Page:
1. Take advantage of living on campus while you can. Having an apartment is great, but it is so easy to stay on top of studying, going to class and being active in organizations when everything happens within a mile radius of where you live. It's a lot harder to do all of that when you have to ride in an overflowing bus or buy a parking pass to get to campus.
2. The Freshman 15 (or 20...) is very real. Avoid hitting The Lair for every meal and walk to buffets with healthier choices. Maybe join an intramural to stay in shape. Just because we have a nice hilly campus doesn’t mean that those late night snacks won’t catch up eventually, so lay off the sugary booze and post-party pizza.
3. Actually join a club or organization. It's so easy to roll your eyes during orientation when everyone and their mother tells you that, but it is honestly a worthwhile pursuit. Don't get discouraged if the first few you try aren't the good fit you thought they'd be, either. Finding a group of people that you share a love with is an invaluable experience and can open so many doors.
4. Dump your high school sweetheart, or at least highly consider taking a semester-long break, especially if your sweetie goes to another school. College is a place to find yourself and meet tons and tons of new people. Having a boyfriend or girlfriend, however many miles away, definitely does inhibit that. You only get one freshman year experience and usually only 4-5 years of college total. You have 50 to 60-plus years in the future to be tied down.
5. Take time to explore San Marcos and all it has to offer. Netflix can be so appealing after a long week of class, but Netflix is forever, college isn't! Check out local coffee shops and become a regular, head to the river in between classes and take advantage of the dollar theatre. San Marcos is home to a variety of restaurants and shops that are in walking distance from campus. You don't want your college memories to be filled with images of your bed and the four walls of your dorm room.
6. Make it a point to develop a good standing with all of your professors. You don't have to become best buds with them, but simply introduce yourself and let them know that you're eager to succeed. This not only makes you look good, but it also holds you accountable because you don't want to let the professor down. Networking with professors is so important. You never know where it might lead you. Using them as a recommendation, a connection or even a mentor can make a huge impact on your success as a student.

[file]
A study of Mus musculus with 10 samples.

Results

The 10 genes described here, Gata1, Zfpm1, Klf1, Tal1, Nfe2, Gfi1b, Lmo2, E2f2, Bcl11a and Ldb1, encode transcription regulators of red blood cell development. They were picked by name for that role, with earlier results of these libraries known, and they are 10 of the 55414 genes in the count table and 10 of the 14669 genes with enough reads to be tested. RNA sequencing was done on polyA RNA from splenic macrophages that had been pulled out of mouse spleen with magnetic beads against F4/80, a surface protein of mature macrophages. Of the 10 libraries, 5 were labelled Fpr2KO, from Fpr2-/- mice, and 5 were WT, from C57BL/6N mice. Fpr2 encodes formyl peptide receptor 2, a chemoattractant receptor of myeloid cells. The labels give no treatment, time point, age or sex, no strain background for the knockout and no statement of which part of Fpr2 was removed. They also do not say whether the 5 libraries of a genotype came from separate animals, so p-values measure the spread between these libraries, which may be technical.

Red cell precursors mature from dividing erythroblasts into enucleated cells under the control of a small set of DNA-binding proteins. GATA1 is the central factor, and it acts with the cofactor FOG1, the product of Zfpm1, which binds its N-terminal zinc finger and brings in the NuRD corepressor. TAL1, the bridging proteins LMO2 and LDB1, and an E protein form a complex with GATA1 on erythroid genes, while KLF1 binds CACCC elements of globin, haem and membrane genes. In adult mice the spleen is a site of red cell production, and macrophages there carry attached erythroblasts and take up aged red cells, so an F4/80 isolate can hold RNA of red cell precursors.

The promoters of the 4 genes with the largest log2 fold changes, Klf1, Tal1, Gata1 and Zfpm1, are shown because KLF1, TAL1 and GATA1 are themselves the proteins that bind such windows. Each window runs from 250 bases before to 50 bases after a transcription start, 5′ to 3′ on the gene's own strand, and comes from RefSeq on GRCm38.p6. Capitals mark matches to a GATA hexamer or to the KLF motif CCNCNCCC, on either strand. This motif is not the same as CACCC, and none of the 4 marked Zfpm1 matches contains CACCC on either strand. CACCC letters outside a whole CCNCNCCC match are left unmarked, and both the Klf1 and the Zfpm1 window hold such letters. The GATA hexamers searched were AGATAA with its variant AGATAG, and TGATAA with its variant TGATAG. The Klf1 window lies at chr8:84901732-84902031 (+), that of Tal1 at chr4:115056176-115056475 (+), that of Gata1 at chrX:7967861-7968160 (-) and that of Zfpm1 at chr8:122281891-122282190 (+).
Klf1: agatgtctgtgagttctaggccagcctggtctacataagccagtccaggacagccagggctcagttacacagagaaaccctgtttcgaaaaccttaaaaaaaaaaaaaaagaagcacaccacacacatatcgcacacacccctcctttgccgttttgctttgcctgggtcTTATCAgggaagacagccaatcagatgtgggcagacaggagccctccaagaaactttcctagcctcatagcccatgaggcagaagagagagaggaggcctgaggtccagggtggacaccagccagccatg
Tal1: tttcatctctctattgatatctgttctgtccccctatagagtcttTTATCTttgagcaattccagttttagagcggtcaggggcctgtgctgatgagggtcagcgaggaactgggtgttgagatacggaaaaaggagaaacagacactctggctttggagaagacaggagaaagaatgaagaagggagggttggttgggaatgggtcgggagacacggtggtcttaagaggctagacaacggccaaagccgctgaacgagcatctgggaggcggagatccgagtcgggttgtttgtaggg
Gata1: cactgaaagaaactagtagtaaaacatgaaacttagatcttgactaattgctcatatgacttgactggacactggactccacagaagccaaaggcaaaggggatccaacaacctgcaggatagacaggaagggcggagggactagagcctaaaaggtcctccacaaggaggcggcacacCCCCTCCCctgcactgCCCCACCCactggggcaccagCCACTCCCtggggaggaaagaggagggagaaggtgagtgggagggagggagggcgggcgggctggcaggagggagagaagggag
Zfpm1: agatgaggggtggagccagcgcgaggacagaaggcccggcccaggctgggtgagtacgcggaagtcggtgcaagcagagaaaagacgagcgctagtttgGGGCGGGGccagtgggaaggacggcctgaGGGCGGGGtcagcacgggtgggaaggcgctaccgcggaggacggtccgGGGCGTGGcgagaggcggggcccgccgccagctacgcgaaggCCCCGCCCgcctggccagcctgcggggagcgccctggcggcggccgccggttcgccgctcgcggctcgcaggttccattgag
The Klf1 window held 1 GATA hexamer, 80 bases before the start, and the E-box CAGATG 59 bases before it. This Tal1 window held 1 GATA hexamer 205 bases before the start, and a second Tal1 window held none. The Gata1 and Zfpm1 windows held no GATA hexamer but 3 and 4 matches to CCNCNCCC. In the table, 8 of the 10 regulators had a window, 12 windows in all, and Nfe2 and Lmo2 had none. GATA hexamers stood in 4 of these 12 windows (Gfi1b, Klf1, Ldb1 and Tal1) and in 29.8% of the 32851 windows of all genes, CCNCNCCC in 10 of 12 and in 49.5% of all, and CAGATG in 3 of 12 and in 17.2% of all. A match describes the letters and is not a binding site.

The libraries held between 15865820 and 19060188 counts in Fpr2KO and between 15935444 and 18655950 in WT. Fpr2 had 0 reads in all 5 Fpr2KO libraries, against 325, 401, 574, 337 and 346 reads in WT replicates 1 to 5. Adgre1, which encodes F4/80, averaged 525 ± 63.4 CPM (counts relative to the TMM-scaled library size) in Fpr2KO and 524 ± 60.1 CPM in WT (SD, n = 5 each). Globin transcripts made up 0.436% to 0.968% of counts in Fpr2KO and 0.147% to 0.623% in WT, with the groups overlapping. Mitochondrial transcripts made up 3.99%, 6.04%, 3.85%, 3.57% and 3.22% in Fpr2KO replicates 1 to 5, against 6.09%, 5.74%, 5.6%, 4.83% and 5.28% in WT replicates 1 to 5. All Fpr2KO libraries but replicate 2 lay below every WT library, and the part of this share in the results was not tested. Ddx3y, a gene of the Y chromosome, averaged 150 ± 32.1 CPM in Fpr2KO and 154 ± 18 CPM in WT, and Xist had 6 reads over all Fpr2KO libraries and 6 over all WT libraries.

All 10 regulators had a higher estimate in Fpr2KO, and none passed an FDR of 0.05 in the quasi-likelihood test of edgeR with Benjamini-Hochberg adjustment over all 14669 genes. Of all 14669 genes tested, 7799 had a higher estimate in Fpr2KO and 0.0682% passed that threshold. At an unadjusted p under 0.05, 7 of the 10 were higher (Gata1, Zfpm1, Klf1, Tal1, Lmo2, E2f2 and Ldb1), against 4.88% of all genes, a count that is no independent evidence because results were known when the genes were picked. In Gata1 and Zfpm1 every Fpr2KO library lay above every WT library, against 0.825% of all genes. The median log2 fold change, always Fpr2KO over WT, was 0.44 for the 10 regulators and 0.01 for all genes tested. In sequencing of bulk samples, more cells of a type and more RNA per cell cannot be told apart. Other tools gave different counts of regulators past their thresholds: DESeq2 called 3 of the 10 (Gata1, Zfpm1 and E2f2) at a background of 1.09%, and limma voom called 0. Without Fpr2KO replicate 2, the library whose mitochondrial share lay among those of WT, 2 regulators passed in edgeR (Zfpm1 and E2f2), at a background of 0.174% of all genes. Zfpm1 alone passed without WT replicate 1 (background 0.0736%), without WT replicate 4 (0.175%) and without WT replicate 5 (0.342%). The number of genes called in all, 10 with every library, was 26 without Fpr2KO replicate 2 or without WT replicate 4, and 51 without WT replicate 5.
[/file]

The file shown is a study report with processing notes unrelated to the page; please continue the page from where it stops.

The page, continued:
7. Try to go easy with your course-load until you get a feel for how college classes work and know for sure how much you can handle. Taking 18 hours might seem like a great way to stay ahead, but the five minutes of free time you get before six things are due on a Wednesday is a very bad time to figure out that you're not in high school anymore. And don't worry if you have to drop a class before the deadline; that's what the deadline is for.
8. Go to a sporting event. The games are free, unlike other institutions in Texas. It's a great way to make friends and build school pride for Texas State. It won't kill you to go and support your team. It's not just about us having a good athletics program with skilled players—students have a big say in whether the team is good or not. Don’t wait until senior year to go to an athletic event to fill some "things I do before I graduate bucket list," start now when you step on campus as a freshman.
9. Make friends outside your normal circle. If many of your high school friends are going to college with you, it may be easy to simply stick with them and not meet as many people in classes or your dorm because you feel you don't need to...but you should! Make friends with new people in your dorm, chit-chat in class with people sitting next to you, step outside your comfort zone. It might be easy to stick with one group of people, but college is the time to shake things up. Meeting people from other cities, states and backgrounds will help you grow and that’s what college is all about.
10. Join a community service outlet with a mission statement that you feel strongly about. At the surface, it makes a profound statement on your resume and exposes you to unique networking opportunities that you wouldn't find by joining a campus organization. On a deeper level, you'll find that committing to such a huge ongoing project is a priority-changer, a lesson in leadership and an empowering reminder of the influence an individual is capable of.
11. Do not, under any circumstances, sign up for classes before 10 a.m. if waking up in the morning and, more importantly, remaining mentally cognizant is an inordinately difficult task for you. It isn't impossible through the first two weeks, but it soon saps all of your energy. Skipping class becomes a more and more appealing choice. That is never a good thing, so, please, do not sign up for an early class unless you have the fortitude to handle it.